Uterine fibroids are tumors or lumps made of muscle cells and other tissue that grow within the wall of the uterus. Fibroids may grow as a single tumor or in clusters.
A single fibroid can be less than one inch in size or can grow to eight inches across or more. A bunch or cluster of fibroids can also vary in size.
Where do uterine fibroids grow?
Most fibroids grow within the wall of the uterus. Health care providers put fibroids into three groups based on where they grow:
•Submucosal (pronounced sub-myou-co-sul) fibroids grow just underneath the uterine lining.
•Intramural (pronounced in-tra-myur-ul) fibroids grow in between the muscles of the uterus.
•Subserosal (pronounced sub-sir-oh-sul) fibroids grow on the outside of the uterus.
Some fibroids grow on stalks (also called peduncles, pronounced ped-uncles) that grow out from the surface of the uterus, or into the cavity of the uterus.
What are the symptoms of uterine fibroids?
Many women don’t feel any symptoms with uterine fibroids. But fibroids can cause the following symptoms:
•Heavy bleeding or painful periods
•Bleeding between periods
•Feeling “full” in the lower abdomen—sometimes called “pelvic pressure”
•Urinating often (results from a fibroid pressing on the bladder)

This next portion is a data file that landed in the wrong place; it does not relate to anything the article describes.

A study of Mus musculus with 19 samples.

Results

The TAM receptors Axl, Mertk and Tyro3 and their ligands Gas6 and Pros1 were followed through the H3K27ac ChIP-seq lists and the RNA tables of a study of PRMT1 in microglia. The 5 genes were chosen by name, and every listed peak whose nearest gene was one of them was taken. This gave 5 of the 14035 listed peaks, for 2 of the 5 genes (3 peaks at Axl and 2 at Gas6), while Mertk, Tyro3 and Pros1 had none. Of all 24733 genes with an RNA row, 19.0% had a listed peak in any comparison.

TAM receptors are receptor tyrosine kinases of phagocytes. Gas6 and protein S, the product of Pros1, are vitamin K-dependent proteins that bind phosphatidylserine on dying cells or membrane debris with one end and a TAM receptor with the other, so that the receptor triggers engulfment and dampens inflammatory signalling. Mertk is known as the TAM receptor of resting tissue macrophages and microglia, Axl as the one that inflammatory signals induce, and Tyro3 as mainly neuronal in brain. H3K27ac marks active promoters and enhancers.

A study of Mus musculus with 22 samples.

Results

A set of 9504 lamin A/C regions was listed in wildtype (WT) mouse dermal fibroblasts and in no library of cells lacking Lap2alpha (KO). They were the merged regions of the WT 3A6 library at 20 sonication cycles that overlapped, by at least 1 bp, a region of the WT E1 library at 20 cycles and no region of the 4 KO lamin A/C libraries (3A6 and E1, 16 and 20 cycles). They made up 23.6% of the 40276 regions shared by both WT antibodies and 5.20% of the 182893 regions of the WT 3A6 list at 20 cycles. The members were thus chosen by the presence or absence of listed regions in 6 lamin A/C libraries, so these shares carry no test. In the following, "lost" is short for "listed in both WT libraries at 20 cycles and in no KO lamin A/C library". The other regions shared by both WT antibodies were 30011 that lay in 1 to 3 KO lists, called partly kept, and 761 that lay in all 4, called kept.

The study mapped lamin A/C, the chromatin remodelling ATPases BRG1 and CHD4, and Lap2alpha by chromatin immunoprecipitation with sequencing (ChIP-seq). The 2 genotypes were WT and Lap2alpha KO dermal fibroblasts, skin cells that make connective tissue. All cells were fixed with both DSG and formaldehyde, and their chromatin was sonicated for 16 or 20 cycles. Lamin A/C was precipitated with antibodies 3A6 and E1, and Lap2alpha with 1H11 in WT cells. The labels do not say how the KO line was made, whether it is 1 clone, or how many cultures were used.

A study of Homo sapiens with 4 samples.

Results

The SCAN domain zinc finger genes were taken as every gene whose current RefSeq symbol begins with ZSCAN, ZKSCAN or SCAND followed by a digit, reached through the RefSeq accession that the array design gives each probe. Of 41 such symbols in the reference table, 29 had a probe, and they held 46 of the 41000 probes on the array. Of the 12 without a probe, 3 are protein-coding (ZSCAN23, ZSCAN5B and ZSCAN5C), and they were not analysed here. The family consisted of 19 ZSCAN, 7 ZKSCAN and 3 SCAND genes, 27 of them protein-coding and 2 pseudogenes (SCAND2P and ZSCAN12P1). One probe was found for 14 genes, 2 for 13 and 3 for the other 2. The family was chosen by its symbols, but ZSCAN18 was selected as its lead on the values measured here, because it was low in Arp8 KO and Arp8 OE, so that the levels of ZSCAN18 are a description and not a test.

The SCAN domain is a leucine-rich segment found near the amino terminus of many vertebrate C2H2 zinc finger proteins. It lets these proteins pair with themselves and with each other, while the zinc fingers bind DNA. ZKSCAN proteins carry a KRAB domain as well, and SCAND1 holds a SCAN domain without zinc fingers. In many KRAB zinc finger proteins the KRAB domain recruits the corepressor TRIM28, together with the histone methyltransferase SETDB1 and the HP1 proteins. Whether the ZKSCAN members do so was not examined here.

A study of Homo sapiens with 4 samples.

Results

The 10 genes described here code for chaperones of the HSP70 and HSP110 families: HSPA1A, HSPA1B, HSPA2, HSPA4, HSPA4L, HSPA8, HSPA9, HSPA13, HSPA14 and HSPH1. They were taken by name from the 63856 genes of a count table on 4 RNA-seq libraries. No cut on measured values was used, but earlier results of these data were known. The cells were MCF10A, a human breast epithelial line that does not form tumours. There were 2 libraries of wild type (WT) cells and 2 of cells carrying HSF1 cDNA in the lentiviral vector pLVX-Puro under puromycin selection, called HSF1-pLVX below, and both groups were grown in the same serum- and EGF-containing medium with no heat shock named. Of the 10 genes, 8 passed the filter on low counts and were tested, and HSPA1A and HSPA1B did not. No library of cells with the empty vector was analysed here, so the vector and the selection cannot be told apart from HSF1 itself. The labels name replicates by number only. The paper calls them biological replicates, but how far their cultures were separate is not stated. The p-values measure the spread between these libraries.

•Pain during sex
•Lower back pain
•Reproductive problems, such as infertility, multiple miscarriages, and early onset of labor during pregnancy
What causes uterine fibroids?
Currently, we know little about what causes uterine fibroids. Scientists have a number of theories, but none of these ideas explains fibroids completely. Most likely, fibroids are the end result of many factors interacting with each other. These factors could be genetic, hormonal, environmental, or a combination of all three. Once we know the cause or causes of fibroids, our efforts to find a cure or even prevent fibroids will move ahead more quickly.
Does having uterine fibroids mean that a woman will be infertile or unable to have children?
In some cases, fibroids can prevent a woman from getting pregnant through natural methods. However, advances in treatments for fibroids and infertility have greatly improved the chances for a woman to get pregnant, even if she has uterine fibroids.
Researchers are still looking into what role, if any, uterine fibroids play in infertility. Currently, though, there are few answers. One study’s results suggest that only submucosal fibroids have a negative impact on fertility (Pritts 2001), but these results are not yet confirmed. The relationship between fibroids and infertility remains a very active research area.